I, me and my image
Samuel Fosso is showing for the first time in India. Self-portraits are Fosso’s forte. In this, he’s very similar to Pushpamala N. Gargi Gupta sits them face-to-face and discusses their singular art.india Updated: Dec 27, 2008 00:04 IST
Samuel Fosso, one of Africa’s best-known photographers, is showing for the first time in India. Self-portraits are Fosso’s forte — something he has been doing for 32 years now, starting as a 13-year-old who would dress up and pose in front of the camera at night, after his day’s work at the photo studio in Bangui. In this, he’s very similar to Pushpamala N, whose oeuvre in the past decade — whether in exhibitions like ‘Phantom Lady’ or the recent ‘Paris Autumn’ — has centred around elaborate imageries built around a central character, played by herself.
Gargi Gupta sits them face-to-face and discusses their singular art.
GG: How did you come to photograph yourself?
SF: Christmas time is very important in central Africa and lots of studio photography is done at that time. But the portraits that people would make of me would ridicule me. I always thought I was the one who knew how to photograph myself.
PN: I was a sculptor and it happened quite by chance, more out of my love of the ‘popular’ and my interest in cinema. It was a hundred years of cinema in 1996 and a Mumbai gallery had asked artists to make one work on cinema. I had always liked this Fearless Nadia character; I had a photograph of hers and I said let me stitch this costume, and I asked a young friend to take my pictures. But when I was looking through the rolls, they were really interesting. So I decided to make an entire story around it.
But I don’t take my own photographs. I work more like a film director, work out the scene and direct other people to take photographs.
SF: Do you work in a studio? Do you get someone to think of costumes?
PN: I work in different ways. This costume [right: Phantom Lady] I copied from a photograph and asked a tailor to make it. Some things I hire from a costume company. It is all very cheaply done. For example, when I did this work I didn’t pay the photographer. Later on when I sold some works, I paid her. Artist friends feature in my work. I choose the locations.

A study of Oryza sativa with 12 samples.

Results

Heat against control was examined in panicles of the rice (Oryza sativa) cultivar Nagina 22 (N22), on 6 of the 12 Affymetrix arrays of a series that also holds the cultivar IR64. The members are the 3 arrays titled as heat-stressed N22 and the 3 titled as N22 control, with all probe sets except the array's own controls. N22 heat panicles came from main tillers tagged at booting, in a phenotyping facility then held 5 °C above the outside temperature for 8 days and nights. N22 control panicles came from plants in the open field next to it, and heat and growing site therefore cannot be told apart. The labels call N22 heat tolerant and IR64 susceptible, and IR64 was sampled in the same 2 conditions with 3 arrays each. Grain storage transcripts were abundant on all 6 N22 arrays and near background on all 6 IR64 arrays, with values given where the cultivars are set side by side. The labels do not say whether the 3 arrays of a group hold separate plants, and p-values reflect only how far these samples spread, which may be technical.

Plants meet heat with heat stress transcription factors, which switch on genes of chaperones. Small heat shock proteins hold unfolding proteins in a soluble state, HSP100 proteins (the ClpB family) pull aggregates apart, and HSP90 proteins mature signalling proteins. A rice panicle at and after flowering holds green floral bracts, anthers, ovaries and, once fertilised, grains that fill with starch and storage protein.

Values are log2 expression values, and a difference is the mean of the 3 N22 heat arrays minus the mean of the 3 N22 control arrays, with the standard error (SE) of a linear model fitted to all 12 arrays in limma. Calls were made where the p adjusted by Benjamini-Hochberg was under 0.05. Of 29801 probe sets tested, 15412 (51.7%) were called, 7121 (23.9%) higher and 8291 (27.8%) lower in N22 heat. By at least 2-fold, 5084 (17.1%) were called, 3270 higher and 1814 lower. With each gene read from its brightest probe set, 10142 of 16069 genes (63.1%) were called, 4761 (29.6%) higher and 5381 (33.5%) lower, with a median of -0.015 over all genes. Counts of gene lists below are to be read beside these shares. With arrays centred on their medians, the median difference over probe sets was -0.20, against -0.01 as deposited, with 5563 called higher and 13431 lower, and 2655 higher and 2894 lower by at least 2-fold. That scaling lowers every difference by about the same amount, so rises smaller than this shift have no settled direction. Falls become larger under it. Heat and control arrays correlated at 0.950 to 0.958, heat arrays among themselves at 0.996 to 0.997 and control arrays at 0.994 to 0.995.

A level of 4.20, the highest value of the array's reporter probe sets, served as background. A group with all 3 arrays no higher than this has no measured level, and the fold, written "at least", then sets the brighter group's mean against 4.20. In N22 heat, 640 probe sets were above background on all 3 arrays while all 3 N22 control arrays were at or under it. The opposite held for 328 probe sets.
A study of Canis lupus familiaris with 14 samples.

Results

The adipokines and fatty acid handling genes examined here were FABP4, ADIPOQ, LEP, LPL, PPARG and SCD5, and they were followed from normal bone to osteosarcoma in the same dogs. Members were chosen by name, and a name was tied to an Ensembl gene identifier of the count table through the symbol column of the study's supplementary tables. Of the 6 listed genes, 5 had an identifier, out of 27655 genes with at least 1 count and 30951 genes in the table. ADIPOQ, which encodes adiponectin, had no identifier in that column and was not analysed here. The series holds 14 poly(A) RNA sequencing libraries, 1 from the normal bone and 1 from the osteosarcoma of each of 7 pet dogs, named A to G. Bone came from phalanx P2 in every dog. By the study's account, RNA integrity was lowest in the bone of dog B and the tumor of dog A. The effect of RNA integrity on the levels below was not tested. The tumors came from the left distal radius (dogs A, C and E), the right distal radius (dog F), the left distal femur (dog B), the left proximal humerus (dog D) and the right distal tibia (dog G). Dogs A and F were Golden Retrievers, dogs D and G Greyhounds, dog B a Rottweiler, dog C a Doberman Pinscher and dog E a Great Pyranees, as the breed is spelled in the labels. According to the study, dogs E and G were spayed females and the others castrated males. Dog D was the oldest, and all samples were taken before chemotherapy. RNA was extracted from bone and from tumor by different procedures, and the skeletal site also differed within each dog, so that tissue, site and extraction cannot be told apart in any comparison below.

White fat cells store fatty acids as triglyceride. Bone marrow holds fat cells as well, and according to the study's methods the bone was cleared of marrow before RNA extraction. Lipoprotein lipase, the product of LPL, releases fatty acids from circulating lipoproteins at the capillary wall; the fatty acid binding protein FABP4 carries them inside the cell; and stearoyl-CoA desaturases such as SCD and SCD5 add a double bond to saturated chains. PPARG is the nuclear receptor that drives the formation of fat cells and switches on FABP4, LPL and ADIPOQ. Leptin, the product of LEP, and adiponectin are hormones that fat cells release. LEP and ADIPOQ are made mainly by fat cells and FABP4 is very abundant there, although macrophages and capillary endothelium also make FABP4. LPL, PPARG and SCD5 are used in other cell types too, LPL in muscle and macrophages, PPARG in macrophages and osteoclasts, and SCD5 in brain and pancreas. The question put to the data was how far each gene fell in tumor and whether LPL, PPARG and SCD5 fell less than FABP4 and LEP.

SF: You’re lucky (laughs), you manage without having to run a photo studio!
PN: You still have the studio?
SF: Yes. A number of customers come in, but less than before because customers today are more attracted by colour and I still work in black-and-white. But now I have a digital camera — so I take colour portraits — and a printer.
PN: Self-portraiture is always connected with narcissism. But you’ve said that you saw it as a healing.
SF: Doing self-portraits is a liberating process for me. A lot of my work deals with pain, the pain inflicted when I was a child and we were going through the Biafra war in Nigeria. There is that story I am telling and I can only tell it through me. I also want to tell the story of the opposite of that, the story of the people who liberated Africa, and also those who’ve made the world a little better than it was when I was born. This is my way of thanking them, of paying tribute.
PN: I think it’s also celebration. It’s very witty, very funny. For me, too, using self-portraits is liberating, an opening up of one’s persona to many possibilities.
SF: Yes, it’s like you’ve been in one of the hotels in Mumbai and you made it out. You can’t forget it. Ever.
PN: These me of ‘Great Women of India’, a play my mother made us do which had all these women from mythology to history — Maitreyi, Sita, Rani of Jhansi, et al — coming on stage. What you’re doing is similar… a roster of the great black heroes of Africa.
SF: I am not embodying heroes because I’ll never be a hero. I am just representing them, in a specific moment.
GG: Have you ever had a problem with the way the West sees Africa?
SF: I was not interested in going to the forests and shooting pygmies and poor people. The only image that people would get of Africa was that of poverty. That was something my practice was against. Actually my photography is a statement, that there is something after war, after disability, suffering…this is me and I am jumping all over and I am happy.
PN: The photo studio in these early photographs is like a mini stage. It has a curtain, a painted backdrop, a stage-like thing, props and costumes, and these spotlights.
SF: We would use blue or green as backdrop because people didn’t want their skin to appear too black. The lighting would be completely homemade. Most of the early photographs were taken not only for myself but also for testing the lighting. We would buy steel basins, make a hole, and put a steel rod through it. Because I was very small when I started, I had to cut the tripod.
PN: Have you exhibited in Bangui (in Central African Republic)? What has been the reaction?
SF: I exhibited twice in Bangui. People are starting to appreciate that photography can be an art. Not just me, but also Seydou Keita, Malik Sidibe.
PN: The Bamako Biennale must have helped. In fact, you were discovered there…
SF: I have showed four times there. Bamako is the capital of photography on the African continent. There is the biennale, and also the school of photograph there.